Fortis Healthcare Ltd.’s auditors have cleared the decks for its sale. Never mind that Deloitte Haskins & Sells LLP’s heavily qualified audit report reads like a discharge slip for a patient running low on both time and luck.
Working out whether India’s second-biggest hospital chain is too deeply damaged to survive has been left to the imagination of the two bidders jostling for the opportunity to nurse it back to health. Malaysia’s IHH Healthcare Bhd. and TPG-backed Manipal Health Enterprises Pvt. have already submitted firm bids. IHH is more likely to emerge victorious because it’s planning to make an open offer to shareholders at a 10% to 15% premium.
The 6,500-bed company has good standing with doctors and patients, but its war with its founders is worrisome baggage. Fortis claims brothers Malvinder and Shivinder Singh diverted 5 billion rupees ($73 million) of the publicly traded company’s cash to other entities without board approval.
A probe by an independent law firm has even raised the possibility that the founders may have used fresh funds to repay a part of previous advances. The board says it will leave it to regulatory inquiries to determine whether a fraud has occurred. India’s Serious Fraud Investigation Office is already on the job.
The Singhs, who are no longer with the company, deny any wrongdoing. But having lost their shareholding to creditors, they’re also queering the pitch for the eventual new owner by asserting their family’s rights over the Fortis brand. The company, meanwhile, is trying to recover funds from the Singh brothers. But IHH and TPG-Manipal can’t be hoping to see any of that money soon. Whether existing loss provisions will be sufficient is a bigger question.
Other bidders, including KKR & Co., as well as two prominent New Delhi-based business families acting together, have dropped out. Being hospital operators themselves, IHH and Manipal see enough value in the acquisition to stay in the race despite not knowing the true financial position of the target. Luckily for them, Deloitte didn’t unearth any further material losses to add to the 9.3 billion rupee deficit for the March quarter reported by the new board, which has no ties to the Singhs.
However, even the auditor can’t say for sure if the results will stand, or will have to be recast. More worryingly, the drama with the founders is beginning to bite into operational performance. Operating margins at the local hospital business slipped to 13.6% last year, from 14.7%. Occupancy dropped to 65% in the March quarter, a 5% point fall from the previous three months. Profitability sagged even more at the company’s diagnostics business. Fortis desperately needs fresh equity and a shareholder who can assure doctors they won’t be left stranded on a sinking ship.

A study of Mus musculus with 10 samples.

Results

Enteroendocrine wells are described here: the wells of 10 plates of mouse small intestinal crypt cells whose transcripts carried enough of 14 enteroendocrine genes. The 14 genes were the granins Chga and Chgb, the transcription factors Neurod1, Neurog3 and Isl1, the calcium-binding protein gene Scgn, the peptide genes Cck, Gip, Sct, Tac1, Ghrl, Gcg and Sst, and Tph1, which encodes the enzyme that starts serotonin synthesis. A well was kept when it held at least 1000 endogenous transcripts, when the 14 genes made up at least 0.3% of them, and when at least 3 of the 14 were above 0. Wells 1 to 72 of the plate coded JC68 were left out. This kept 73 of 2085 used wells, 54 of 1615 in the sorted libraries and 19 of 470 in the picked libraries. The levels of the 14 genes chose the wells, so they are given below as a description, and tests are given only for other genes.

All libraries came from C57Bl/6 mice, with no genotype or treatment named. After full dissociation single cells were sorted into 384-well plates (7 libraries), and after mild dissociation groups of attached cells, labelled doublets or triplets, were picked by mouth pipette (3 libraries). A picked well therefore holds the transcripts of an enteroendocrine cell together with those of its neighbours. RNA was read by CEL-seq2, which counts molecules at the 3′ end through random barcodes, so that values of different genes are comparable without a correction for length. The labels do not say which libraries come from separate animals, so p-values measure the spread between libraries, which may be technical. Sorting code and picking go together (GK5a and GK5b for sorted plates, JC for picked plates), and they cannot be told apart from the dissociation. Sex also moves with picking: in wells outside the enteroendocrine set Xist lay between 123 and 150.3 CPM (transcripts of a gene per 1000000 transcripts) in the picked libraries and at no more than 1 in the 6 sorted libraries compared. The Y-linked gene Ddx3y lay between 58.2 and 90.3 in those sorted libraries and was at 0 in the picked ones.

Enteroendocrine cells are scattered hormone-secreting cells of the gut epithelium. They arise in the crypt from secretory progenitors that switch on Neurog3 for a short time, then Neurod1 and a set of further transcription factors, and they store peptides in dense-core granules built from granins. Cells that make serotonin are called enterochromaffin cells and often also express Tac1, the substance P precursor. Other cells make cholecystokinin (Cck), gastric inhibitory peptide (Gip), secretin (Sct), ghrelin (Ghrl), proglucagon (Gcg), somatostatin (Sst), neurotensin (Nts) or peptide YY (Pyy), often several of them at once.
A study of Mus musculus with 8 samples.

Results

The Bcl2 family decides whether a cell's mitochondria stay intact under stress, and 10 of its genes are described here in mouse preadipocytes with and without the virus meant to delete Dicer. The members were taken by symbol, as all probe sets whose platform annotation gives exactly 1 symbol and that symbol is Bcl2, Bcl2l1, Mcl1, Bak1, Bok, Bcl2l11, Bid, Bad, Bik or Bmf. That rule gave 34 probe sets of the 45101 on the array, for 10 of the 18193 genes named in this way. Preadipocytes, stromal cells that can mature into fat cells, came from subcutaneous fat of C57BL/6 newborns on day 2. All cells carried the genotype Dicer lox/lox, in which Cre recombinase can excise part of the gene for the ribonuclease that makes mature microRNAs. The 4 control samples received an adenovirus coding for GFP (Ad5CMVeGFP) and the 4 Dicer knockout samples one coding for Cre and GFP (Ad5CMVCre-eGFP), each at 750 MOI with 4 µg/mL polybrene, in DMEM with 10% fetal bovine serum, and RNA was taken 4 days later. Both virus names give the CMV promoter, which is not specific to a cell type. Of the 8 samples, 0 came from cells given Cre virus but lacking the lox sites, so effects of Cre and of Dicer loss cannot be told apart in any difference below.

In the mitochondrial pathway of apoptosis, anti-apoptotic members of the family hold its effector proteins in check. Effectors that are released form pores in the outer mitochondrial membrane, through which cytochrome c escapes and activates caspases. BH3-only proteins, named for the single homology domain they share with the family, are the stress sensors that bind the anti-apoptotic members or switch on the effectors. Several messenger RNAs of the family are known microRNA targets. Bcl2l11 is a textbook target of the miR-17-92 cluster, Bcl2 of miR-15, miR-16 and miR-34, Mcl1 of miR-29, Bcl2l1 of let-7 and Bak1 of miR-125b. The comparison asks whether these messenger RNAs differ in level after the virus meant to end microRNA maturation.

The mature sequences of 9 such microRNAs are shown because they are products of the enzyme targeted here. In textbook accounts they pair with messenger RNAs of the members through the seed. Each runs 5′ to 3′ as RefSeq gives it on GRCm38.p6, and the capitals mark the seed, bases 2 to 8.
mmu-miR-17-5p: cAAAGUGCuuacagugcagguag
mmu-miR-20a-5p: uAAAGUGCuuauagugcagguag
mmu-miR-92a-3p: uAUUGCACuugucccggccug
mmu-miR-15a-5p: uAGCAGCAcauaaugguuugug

While shareholders will no doubt want the board to take the offer that gives them the juiciest exit, the directors have to take a broader view. Had Fortis been a bank, it would have been judged too big to fail. Demand for healthcare services in India, a country with one of the world’s lowest penetration rates for medical insurance, is set to explode. Prime Minister Narendra Modi has announced a health protection plan to cover 100 million poor families. For now, even healthcare companies don’t know how exactly “Modicare” will be funded, or whether the pricing mandated by the government will even be profitable.
One thing is clear, though: Future governments will have no option except to expand state-subsidized insurance to middle-class patients as well. As India’s second-biggest hospital network, Fortis’s long-term survival – and its ability and willingness to work with the government – will be important, as will be the dexterity with which the new owner can navigate messy land leases, and a popular impression that private hospitals are profiteering.
The board believes that Fortis is a going concern, and for now Deloitte is sticking with that assessment. Before any new ailments are diagnosed for the auditor to have to change that opinion, the patient needs to find new caregivers.